A new concert series based in Berlin is offering up-and-coming bands from the Scandinavian countries a package to tour Germany. Does this influx of new talent suggest a sudden wave in popularity for Nordic music?
Yes, there's ABBA - but Scandinavia is a musical hotbed in ways some might not expect. Sweden, for example, can boast acts such as The Knife and The Hives. Norway has exported clinical electro like Röyksopp and bubblegum pop from A-ha, while Finland, hotbed of heavy metal, produced Nightwish and Eurovision winners, Lordi.
Even Denmark, home of the now legendary annual Roskilde Festival, has racked up its fair share of hits with Asteroids Galaxy Tour, Aqua and The Olsen Brothers all coming from the tiny sovereign state.
Digital-era musicians from the North have more ways than ever to present their latest tracks to a global audience via platforms like Bandcamp, Soundcloud and Myspace. But the sheer volume of music on offer often makes it harder for the best stuff to break through, particularly for bands not from a country immediately associated with pop music.
Help is at hand for Scandinavian musicians thanks to Nutzl Nordic and Mads Ronbjerg, heads of Berlin-based label Für Records, who started the concert series Nordlicht Klub (Northern Lights Club) in January with the specific aim of bringing new Scandinavian talent to Germany.
The event, which is held twice monthly, has its Berlin base at Privatclub. From there, bands are taken on one of two tour routes. The first, dealing primarily with cities in the East, takes in Dresden, Magdeburg and Cottbus; the second heads west via Rostock, Dortmund, Öttingen and Osnabrück.
"I used to work with a lot of Danish and Swedish bands at my old job in Copenhagen," explained Ronbjerg, talking about the origins of Nordlicht Klub. "It's good to have a niche and be really good at that. And of course there are some really good bands from Scandinavia. The quality is high."
The concept of bringing bands to Germany for a ready-made tour package is one which is very attractive for musicians not familiar with Germany's club landscape and with no contacts to local venues.
"The bands are always very excited about the possibility of touring in Germany for the first time," said Nutzl Nordic, adding, "It's important for me too because I like the contact not only to the bands but also to the audience. Rather than sit in the office all the time, at shows I can see how well something works."
Appearing at the latest installment of Nordlicht Klub were two bands from Denmark; Death Valley Sleepers and Den Fjerde Veg. Tobias Winberg, lead singer with Death Valley Sleepers, sees the opportunity to tour Germany as useful.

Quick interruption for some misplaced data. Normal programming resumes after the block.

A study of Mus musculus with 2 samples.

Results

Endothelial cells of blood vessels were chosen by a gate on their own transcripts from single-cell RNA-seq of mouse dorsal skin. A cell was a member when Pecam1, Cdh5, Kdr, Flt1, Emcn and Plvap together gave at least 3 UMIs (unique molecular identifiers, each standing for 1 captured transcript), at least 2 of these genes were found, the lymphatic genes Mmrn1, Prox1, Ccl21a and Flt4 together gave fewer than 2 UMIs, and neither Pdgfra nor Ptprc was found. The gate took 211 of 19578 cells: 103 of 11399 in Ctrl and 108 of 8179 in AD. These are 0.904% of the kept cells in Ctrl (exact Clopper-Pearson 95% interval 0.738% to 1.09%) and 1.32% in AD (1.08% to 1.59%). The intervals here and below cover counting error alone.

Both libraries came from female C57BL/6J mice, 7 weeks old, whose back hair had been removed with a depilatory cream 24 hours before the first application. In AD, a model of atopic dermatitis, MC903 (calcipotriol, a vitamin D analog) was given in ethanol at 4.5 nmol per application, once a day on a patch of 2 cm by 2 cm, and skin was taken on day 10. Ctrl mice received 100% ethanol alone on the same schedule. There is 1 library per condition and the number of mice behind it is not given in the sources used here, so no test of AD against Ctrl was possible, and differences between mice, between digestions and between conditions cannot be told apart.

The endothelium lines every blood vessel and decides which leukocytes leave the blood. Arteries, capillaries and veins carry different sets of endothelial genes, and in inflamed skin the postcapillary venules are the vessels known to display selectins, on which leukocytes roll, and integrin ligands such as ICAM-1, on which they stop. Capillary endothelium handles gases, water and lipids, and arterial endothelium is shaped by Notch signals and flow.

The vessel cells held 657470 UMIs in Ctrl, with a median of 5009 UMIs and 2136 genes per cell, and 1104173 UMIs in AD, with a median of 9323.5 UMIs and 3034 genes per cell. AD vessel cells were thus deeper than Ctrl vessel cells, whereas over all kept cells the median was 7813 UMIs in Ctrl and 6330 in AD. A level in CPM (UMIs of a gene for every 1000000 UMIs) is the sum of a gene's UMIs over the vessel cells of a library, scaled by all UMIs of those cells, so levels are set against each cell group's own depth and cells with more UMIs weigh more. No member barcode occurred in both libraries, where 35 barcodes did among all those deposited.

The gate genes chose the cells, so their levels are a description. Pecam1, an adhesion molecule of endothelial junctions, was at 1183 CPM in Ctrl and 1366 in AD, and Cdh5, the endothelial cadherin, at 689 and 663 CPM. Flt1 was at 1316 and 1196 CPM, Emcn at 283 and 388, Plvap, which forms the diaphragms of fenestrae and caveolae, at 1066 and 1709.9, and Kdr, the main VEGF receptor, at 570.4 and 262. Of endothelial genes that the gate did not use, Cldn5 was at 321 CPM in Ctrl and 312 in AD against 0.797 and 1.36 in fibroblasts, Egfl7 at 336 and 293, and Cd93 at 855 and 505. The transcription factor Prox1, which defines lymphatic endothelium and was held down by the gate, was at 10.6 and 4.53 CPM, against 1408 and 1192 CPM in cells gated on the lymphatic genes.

"We're really a small country, and so it's hard to break out,” he said, "The audiences in Germany are really open-minded and interested in the music. I guess in Denmark we are a bit more like standing in the back of the venue with our arms crossed. I don't like it, but that’s the way it is. So I really like touring in Germany because you can really feel the difference."
"Denmark has a really mellow sound and if you're not part of it, it can be hard to be in the middle of the scene," said Tobias Winberg
Both bands played in front of a suitably open-minded crowd at Privatclub and the response to seeing new music from Denmark was positive.
"It's cool. I like the place, I like the music,” said one student.
Another added: "When it comes down to rock I guess Scandinavia always tries to be a bit American but with the European touch, and that's what I’m drawn towards. It's very different to English rock. It has this folk touch of American music, but that's derived from an obviously European culture so that's what I’m looking for."
This clubber, with obligatory beer and cigarette in hand, may well have inadvertently answered the question, "What is the Scandinavian sound?" Even among experts, it's a tough one to define.
"I don’t think there is a specific Scandinavian sound that you can instantly identify," said music producer Mark Reeder, "Most pop music from Scandinavia is usually some kind of imitation of something that's come from the UK and so usually has this tendency to sound either American or British. As a producer, I'd be stumped to make a Scandinavian-sounding record. I wouldn't know how to do it.”
So with a sound heavily influenced by British and American rock and no distinctive sound of its own, is Berlin really experiencing a wave in popularity of Scandinavian music? Elsewhere in the city, Florian, who works at one of the city's most popular record stores, Space Hall, doesn't think so.
"I don't think there’s any great craze for Scandinavian music,” he said, “Of course we have lots of it here and lots of it is very popular but most people are looking for good music and they don't care where it's from. I don't think there is a special Scandinavian scene.”
Nutzl Nordic and Mads Ronbjerg have thus far brought fourteen bands over from Scandinavia to tour Germany, and the series is set to run throughout the rest of the year.
"After the spring, we will see which cities were really good, and we will try to focus on those cities and then we will try out some new ones,” said Nutzl of their future plans, "We are also talking to a new Danish furniture design company and they are really interested in working with us, so we are thinking of maybe exporting more than music in the future."